In 1910, J. Kats published the Sang Hyang Kamahāyānikan including the text of the Sang Hyang Kamahāyānan Mantranaya with 42 Sanskrit verses together with commentaries written in Old-Javanese. Then, in 1913, J. S. Speyer published the new edition of the Sanskrit verses and a translation of the SHKM.
Based on the Speyer's edition, in 1915 a Japanese scholar Unrai Ogiwara pointed out several verses of the SHKM found in the Chinese version of the Mahāvairocana-sūtra. In 1950, Dr. Shinten (Shiro) Sakai, Japanese too, indentified the verses of 26 to 42 of the SHKM with the verses in the Chinese and Tibetian translation of Adhyardhaśatika-prajñāpāramitāsūtra.
The Sang Hyang Kamahāyānikan itself so far has not been given much attention compared with the SHKM. The SHK can be divided into three main parts, 1) introduction to Ten Pāramitā: Six Pāramitā (dāna, śila, kṣānti, vīrya, dhyāna and prajñā) and Four Pāramitā or Brahmavihāra (maitrī, karuṇā, muditā and upekṣā), 2) the way to attain Buddhahood and 3) Javanese Tantra Mahāyāna theology.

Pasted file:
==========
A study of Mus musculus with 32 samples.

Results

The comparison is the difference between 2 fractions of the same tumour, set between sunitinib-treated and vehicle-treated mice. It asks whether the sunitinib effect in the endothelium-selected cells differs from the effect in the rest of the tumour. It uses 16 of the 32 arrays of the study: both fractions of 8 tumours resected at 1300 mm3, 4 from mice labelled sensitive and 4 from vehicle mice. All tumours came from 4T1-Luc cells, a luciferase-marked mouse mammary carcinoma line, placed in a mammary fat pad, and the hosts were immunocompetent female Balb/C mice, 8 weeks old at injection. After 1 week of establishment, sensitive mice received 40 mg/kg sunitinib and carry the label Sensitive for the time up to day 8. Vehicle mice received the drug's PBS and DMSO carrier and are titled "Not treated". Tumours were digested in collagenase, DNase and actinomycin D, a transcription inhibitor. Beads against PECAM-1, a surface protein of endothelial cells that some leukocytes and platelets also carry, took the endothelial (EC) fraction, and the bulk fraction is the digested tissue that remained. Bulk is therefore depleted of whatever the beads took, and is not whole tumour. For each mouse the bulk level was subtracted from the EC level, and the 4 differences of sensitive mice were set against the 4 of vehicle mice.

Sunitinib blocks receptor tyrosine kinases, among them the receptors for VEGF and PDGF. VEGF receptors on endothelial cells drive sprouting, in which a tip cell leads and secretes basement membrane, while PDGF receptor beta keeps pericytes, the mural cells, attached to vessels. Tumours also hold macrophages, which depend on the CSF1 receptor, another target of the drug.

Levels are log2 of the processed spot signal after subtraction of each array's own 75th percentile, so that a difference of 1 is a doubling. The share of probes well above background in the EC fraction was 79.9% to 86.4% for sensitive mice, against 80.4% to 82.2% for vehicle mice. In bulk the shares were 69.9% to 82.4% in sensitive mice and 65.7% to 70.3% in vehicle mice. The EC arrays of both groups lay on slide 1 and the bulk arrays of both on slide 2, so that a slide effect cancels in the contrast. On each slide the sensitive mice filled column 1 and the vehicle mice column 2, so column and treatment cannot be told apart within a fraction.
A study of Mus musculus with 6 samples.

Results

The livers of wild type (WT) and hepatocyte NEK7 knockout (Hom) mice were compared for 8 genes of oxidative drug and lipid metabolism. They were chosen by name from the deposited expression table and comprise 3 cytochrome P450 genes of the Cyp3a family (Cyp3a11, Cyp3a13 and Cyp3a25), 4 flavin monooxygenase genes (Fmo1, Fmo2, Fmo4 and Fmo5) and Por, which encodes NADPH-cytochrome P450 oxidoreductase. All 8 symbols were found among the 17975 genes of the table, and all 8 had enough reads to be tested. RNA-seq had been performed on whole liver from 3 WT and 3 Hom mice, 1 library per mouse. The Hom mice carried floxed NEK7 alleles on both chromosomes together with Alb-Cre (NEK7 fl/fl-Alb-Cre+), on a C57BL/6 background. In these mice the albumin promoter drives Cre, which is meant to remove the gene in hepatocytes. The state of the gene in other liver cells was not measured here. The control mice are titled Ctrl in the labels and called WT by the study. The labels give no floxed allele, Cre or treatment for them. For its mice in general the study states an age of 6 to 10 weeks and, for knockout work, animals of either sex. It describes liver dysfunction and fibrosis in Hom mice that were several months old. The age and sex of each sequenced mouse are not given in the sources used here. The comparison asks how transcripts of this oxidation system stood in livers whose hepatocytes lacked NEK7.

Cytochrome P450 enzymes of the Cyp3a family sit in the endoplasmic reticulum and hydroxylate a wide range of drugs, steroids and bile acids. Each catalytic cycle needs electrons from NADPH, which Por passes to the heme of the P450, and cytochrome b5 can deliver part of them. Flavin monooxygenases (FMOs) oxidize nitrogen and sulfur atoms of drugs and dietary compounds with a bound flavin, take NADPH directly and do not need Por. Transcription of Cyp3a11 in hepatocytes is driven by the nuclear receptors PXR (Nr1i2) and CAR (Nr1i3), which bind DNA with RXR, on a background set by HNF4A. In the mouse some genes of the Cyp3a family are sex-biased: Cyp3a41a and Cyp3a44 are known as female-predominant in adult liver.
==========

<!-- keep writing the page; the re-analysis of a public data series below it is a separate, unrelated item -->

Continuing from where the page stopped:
The writer has already translated the texts of both the SHKM and SHK into Japanese based on J. Kats edition and 7 romanized texts, but has so far had no chance to publish them. After giving a short introduction to the history of Buddhism in ancient Java, this paper discusses the text, forcussing on 1) Six-pāramitā, 2) attainment of Buddhahood by means of breath control with formula 'Aṃ-Aḥ', 3) the birth of Ratnatrayas (Śākyamuni, Lokesvara and Vajrapāṇi) and Five Tathāgatas from Divarūpa, Buddha, the Supreme Being.